THEATRICAL SF

There’s piece on today’s Guardian theatre blog by Andrew Haydon that starts interestingly, wondering why science ficiton – which can make an impact in cinema, television and, of course, literature – isn’t embraced more by the theatre. He goes on to list a number of previous theatre sf productions – including Mark Ravenhill’s The Cut – and a number of more recent, smaller productions that all sound interesting – especially Unlimited Theatre’s work (anyone thought about approaching these guys for a con?).

Haydon’s grasp of sf doesn’t seem to extend far beyond Star Trek and Star Wars and there’s a sneaking suspicion that the the whole blog piece has been written solely so he can make some jokes about David Tennant/Patrick Stewart’s forthcoming RSC appearance in a “sci fi Hamlet” – “Go on, RSC, put Hamlet on the Death Star”).

Before that, though, Haydon does manage to make at least one serious point about why theatre doesn’t have a significant science fiction presence. Describing a performance at the National Student Drama Festival of a piece called When You Cry in Space Your Tears Go Everywhere, made by a group of recent graduates of Dartington College called Tinned Fingers, Haydon says:

one of the performers reading out a list of thoughts and descriptions suddenly offers the gem: “space is a bit 70s”. It’s a great line, primarily because it is so accurate. It seamlessly pinpoints a whole feeling that can be summed up by the T-shirt slogan “This Was Supposed to Be the Future” – the idea that we have now passed all the major dates that, when we were growing up in the 70s and 80s, signified the future: Space 1999, 2000AD, 2001 A Space Odyssey. Rarely have I heard a collective penny drop so loudly in an audience.

And he suggests that this might be why sci-fi so rarely makes it ont the stage:

As well as being regarded with a certain warmth, there’s also a sense of mistrust around the genre. Writers fear that it’s somehow a bit uncool – a bit 70s – and so we get interminable plays about Urgent Contemporary Issues rather than coolly speculative projections. It’s a shame. After all, some of the 20th century’s greatest literature was set in the future – consider 1984, Brave New World and A Clockwork Orange.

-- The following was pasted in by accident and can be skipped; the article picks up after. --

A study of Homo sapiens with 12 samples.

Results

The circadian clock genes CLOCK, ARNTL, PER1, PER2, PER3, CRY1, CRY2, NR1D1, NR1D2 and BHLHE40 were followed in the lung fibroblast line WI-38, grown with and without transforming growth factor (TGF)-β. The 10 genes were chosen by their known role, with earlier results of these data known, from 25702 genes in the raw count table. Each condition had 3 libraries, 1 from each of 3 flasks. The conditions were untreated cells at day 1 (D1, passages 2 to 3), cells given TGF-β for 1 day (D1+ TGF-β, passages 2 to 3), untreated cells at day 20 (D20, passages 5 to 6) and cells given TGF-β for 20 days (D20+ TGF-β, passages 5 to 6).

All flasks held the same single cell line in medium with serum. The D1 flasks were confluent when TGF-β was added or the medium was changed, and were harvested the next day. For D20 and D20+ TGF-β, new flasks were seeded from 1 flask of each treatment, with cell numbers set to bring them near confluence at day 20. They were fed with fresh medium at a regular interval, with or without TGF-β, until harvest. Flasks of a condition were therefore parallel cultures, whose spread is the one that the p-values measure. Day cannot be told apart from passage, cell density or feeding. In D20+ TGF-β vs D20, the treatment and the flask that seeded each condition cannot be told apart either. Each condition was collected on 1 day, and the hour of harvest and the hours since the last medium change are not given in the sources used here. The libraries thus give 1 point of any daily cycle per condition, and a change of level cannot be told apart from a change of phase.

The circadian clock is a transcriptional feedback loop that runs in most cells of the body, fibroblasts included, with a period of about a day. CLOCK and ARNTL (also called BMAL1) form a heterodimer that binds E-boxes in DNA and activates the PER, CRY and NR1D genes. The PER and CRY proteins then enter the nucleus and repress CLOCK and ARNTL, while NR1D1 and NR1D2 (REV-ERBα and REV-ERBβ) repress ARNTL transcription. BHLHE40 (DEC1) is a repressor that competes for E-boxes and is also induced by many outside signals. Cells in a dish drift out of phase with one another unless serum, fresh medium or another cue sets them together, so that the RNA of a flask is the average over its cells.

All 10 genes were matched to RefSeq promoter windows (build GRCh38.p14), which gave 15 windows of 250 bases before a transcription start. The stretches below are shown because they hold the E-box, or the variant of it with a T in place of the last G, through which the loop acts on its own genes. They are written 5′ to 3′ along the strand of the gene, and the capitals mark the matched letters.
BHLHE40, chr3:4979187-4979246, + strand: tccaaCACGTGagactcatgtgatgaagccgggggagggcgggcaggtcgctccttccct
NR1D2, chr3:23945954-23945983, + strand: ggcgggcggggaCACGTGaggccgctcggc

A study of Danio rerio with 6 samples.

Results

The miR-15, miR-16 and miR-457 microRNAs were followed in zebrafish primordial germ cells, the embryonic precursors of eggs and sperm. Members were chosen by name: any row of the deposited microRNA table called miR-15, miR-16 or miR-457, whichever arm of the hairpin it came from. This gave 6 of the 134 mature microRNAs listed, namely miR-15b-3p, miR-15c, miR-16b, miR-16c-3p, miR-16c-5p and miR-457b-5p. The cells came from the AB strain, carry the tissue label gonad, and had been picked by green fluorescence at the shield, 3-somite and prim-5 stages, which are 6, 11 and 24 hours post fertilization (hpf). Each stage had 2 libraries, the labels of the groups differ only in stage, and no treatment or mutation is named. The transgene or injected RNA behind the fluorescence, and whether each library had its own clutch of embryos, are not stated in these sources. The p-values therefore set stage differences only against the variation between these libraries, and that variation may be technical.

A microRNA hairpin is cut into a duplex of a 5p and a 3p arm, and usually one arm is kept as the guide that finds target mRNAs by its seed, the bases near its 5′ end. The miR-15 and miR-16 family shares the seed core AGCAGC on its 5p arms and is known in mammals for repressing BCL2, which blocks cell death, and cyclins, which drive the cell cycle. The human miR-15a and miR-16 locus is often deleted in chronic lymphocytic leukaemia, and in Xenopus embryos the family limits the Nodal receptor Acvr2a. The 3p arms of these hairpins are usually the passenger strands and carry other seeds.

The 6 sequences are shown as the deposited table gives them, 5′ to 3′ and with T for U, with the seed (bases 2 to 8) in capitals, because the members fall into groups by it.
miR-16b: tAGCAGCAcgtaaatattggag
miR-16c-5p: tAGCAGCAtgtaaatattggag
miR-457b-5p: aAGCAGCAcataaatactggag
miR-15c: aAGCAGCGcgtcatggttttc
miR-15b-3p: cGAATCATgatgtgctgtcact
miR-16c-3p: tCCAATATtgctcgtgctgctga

Of course what this doesn’t explain is why, when science fiction had its firmest grip on people’s expectations of the future (from the 1950s to the mid 1980s?) there wasn’t a significant explosion of speculative theatre – and no Starlight Express doesn’t count. And nor do Lord of the Rings: The Musical or Wicked!

A number of comments below the blog make attempts to argue that sf theatre is more common that Haydon allows – but Return to the Forbidden Planet (a tongue in cheek adaptation of a film that was itself an adaptation of Shakespeare’s Tempest) hardly amounts to contempory sf. Nor do the various adaptations (many done by amateur or semi-professional companies) of works by writers like Pratchett address the need for contemporary, original science fiction that uses the unique forms of theatre for speculation rather than simply adapting stories from other media. And, while setting Hamlet in space or The Women of Troy in the future might cast an interesting light on existing texts, it doesn’t make them, in any meaningful sense, science fiction. There’s a case for plays like Copenhagen (which takes the theme of uncertainty and weaves it into the construction of the play) and, less questionably, On Ego to be classed as speculative and there are clearly authors out there who want to use the theatre for speculative purposes – Sarah Kane gets a couple of mentions.

But perhaps the real reason why science fiction isn’t more common in theatre might also be found in the comments section below Haydon’s post – where science fiction is defined solely by its setting (i) in the future and (ii) in space or (iii) has robots in it. This typically conservative view of what makes science fiction (or more particularly) sci-fi is depressingly familiar and reflects the typical view of “sci-fi”.

And, of course, theatre – especially commercial theatre – is the most conservative of the arts. With huge fixed costs (buildings/casts/crew) relative to the amount it can make (from a fixed number of seats in one physical location at a time and at most two performances per day) the theatre is a hard place to break even, let alone make a profit. So commercial theatre tends to stick pretty firmly to the mainstream – the kind of stuff that respectable, bourgeois, slightly aged audiences expect on an expensive night out.

So sf theatre is always likely to be marginal – but it’s worth noting that it is out there for audiences willing to go looking for it – and that perhaps there’s an opportunity for fandom to look for ways to embrace it?